Five years ago, there was a heated debate online; both twitter and FB. Kenya developers, led by the late Idd Salim complained that Safaricom was busy paying lip service on its support of local tech ecosystem, yet it was busy outsourcing its work to India.
There was a lot of acrimony and pointing of fingers but at the end of the day, Safaricom admitted that it was going to be engaging more with the local tech community. Of course, one of the jobs that went to one of the noise makers had to be recalled and finished by “Indians” after the guy took the deposit and failed to meet the timelines or deliver the final products. That guy has since been mute about Safaricom giving work; locally or otherwise. These are harsh lessons learnt on both sides.
Last week, Safaricom launched its sustainability report; it is one way for them to tell us how awesome they are. The report contained very detailed impact that it has in the country but if you are a dev, the question would be, does Safaricom still outsource to offshore companies? No.
“We have not outsourced any of our work off-shore. As per our recently released Sustainability Report, we worked with 1,094 suppliers and spent a total of just under KES 76.8 billion on products and services between 1st April 2015 and 31st March 2016.
We continue to favour local suppliers where feasible, and are satisfied with the weighting towards Kenyan companies achieved during the year, with 84% of our providers being local,” said Bob Collymore, Safaricom CEO.
Some of the companies taking a big chunk of the money are probably those we have never heard of; they are quietly doing their work and increasing their pie. For the tech companies who would like to deepen this relationship or increase a share of the pie, what should they do? Collymore answers:
“Our current “customer first” strategy is driven by finding out what our customers require and creating solutions to meet these needs. We continue to explore partnerships around this strategy as well as around our three key innovation pillars (Health, Education and Agriculture). We are open to working with players in the technology sector to develop and take to market solutions that are in line with these pillars”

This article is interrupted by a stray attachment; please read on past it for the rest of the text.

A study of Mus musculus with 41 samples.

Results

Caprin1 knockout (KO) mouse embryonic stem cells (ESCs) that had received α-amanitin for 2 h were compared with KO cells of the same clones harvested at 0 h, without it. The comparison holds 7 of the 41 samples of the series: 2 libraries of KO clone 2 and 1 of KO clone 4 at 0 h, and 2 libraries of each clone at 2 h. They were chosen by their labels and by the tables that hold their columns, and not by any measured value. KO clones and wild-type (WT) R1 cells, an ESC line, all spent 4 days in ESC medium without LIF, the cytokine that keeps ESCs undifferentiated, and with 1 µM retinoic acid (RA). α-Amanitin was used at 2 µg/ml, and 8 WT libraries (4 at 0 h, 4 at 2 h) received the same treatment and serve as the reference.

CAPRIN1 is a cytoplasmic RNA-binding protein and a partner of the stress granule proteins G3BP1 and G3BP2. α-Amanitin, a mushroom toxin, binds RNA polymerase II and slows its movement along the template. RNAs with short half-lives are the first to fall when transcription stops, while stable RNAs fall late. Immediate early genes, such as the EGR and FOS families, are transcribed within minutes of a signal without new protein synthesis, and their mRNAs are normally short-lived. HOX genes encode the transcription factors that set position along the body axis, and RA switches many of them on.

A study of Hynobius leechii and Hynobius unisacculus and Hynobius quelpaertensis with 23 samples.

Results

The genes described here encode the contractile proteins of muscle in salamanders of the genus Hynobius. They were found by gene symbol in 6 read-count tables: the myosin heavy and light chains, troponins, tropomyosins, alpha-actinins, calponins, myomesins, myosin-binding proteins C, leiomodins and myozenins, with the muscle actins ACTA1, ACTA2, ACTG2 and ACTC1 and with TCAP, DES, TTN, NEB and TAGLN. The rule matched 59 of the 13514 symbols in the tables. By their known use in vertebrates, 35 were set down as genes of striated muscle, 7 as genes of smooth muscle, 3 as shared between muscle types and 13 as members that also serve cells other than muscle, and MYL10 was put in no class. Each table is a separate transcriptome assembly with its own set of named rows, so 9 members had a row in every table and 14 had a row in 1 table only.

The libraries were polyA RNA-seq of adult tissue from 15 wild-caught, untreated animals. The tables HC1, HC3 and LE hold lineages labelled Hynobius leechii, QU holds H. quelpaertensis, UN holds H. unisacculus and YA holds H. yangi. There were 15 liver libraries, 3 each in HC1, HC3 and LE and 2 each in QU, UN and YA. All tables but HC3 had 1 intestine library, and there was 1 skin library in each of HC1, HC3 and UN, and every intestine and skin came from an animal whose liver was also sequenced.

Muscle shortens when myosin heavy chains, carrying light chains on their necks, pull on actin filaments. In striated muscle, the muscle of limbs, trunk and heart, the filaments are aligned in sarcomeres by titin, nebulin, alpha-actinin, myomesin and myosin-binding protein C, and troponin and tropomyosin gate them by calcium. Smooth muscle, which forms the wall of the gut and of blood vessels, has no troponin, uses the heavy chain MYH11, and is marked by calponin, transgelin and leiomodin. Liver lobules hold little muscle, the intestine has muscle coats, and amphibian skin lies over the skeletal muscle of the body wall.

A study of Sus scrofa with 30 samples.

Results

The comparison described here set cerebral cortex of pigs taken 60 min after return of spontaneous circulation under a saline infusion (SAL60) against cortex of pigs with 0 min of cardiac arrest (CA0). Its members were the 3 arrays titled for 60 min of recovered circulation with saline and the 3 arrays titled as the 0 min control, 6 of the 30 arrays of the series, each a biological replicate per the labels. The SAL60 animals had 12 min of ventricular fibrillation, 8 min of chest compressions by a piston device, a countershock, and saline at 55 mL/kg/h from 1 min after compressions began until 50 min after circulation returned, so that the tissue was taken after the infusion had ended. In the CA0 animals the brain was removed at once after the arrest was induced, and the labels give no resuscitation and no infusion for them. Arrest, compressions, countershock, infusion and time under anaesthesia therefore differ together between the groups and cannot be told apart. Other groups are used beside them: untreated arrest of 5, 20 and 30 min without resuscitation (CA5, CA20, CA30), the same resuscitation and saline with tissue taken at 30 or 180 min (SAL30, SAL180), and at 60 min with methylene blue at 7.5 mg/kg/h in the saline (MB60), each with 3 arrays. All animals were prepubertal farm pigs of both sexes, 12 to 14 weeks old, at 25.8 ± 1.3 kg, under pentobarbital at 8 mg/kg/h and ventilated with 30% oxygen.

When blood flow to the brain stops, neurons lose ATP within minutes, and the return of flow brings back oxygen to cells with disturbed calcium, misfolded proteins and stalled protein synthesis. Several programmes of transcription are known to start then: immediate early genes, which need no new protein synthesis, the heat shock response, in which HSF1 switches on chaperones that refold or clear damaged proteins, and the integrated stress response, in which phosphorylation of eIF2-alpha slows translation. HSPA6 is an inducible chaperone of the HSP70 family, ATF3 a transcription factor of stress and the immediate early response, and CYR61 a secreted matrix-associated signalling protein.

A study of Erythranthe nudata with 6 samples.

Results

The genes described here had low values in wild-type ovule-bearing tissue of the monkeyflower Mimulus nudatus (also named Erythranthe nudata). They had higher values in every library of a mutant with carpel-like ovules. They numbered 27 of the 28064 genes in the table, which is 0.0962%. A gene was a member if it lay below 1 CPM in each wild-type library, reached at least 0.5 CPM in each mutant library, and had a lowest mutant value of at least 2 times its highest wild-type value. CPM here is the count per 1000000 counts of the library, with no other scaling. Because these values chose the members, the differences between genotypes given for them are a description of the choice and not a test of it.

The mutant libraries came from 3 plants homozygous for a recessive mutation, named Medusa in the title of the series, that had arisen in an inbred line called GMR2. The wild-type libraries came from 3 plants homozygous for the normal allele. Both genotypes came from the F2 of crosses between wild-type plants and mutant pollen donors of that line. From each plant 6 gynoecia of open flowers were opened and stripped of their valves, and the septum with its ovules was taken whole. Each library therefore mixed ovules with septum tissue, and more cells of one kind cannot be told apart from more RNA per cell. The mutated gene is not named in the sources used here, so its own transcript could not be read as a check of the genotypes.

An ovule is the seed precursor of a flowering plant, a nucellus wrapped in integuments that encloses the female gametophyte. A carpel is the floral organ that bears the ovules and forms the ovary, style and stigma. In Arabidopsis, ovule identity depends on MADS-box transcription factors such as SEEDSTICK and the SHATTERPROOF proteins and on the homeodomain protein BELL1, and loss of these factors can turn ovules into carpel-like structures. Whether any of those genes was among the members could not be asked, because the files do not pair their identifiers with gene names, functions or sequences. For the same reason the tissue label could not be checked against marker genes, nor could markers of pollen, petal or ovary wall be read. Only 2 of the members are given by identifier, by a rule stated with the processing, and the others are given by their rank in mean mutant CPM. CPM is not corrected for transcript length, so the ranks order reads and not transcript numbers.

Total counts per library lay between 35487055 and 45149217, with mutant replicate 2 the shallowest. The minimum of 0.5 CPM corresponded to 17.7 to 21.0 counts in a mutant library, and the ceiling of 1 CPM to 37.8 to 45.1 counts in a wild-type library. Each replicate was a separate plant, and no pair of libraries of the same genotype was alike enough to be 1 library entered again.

Launching innovation hub
Friday last week, Safaricom announced that it will launch its innovation hub, which usually is a cheaper way to access R&D. Safaricom has been supporting local innovation hubs, both financially and through bandwidth. I am yet to understand why it has taken this route, given the outcomes of other innovation hubs, including that announced by Equity Bank in 2011. Read the first two stories.
“We’ve also announced a new Innovation Hub, which will operate independently and will provide a space for developers to focus on innovation and research around mobile-based technology solutions, while at the same time driving our innovation agenda,” he added.
Apart from the innovation hub, Safaricom has the venture capital Spark fund. You will remember it with the controversial funding of a company that jetted in a month before……gave power to a few black people aka painting it to political correctness, then won. It gave the fund the right to say its all Kenyan. I am sure it has now improved.
The fund has invested in companies like Sendy, Eneza, Lynk, and mSurvey. Safaricom partnership with Little cab, which is meant to take on Uber, is probably its most famous investment.
An interesting perspective and well balanced to the point that it seems like an internal Safaricom memo.
It will make Sam Gichuru feel vindicated when he said that only 1 in every 100 developments given to local developers is completed to the clients satisfaction, this includes inability to implement web page templates,
You forgot a product called mLedger, which is wholly developed locally, that Safaricom licensed/purchased, which to me would be sign that Safaricom is not making enough noise.
I believe we should not forget to look at the results from the enabling environment that Safaricom has provided to the developer ecosystem. Even with its clumsy interface, Bob’s words not mine, it has enabled organisations like PesaPal and JamboPay to thrive.
Let us not only look at the direct beneficiaries but also the offshoots which like the branches and roots of a tree are much larger than the trunk.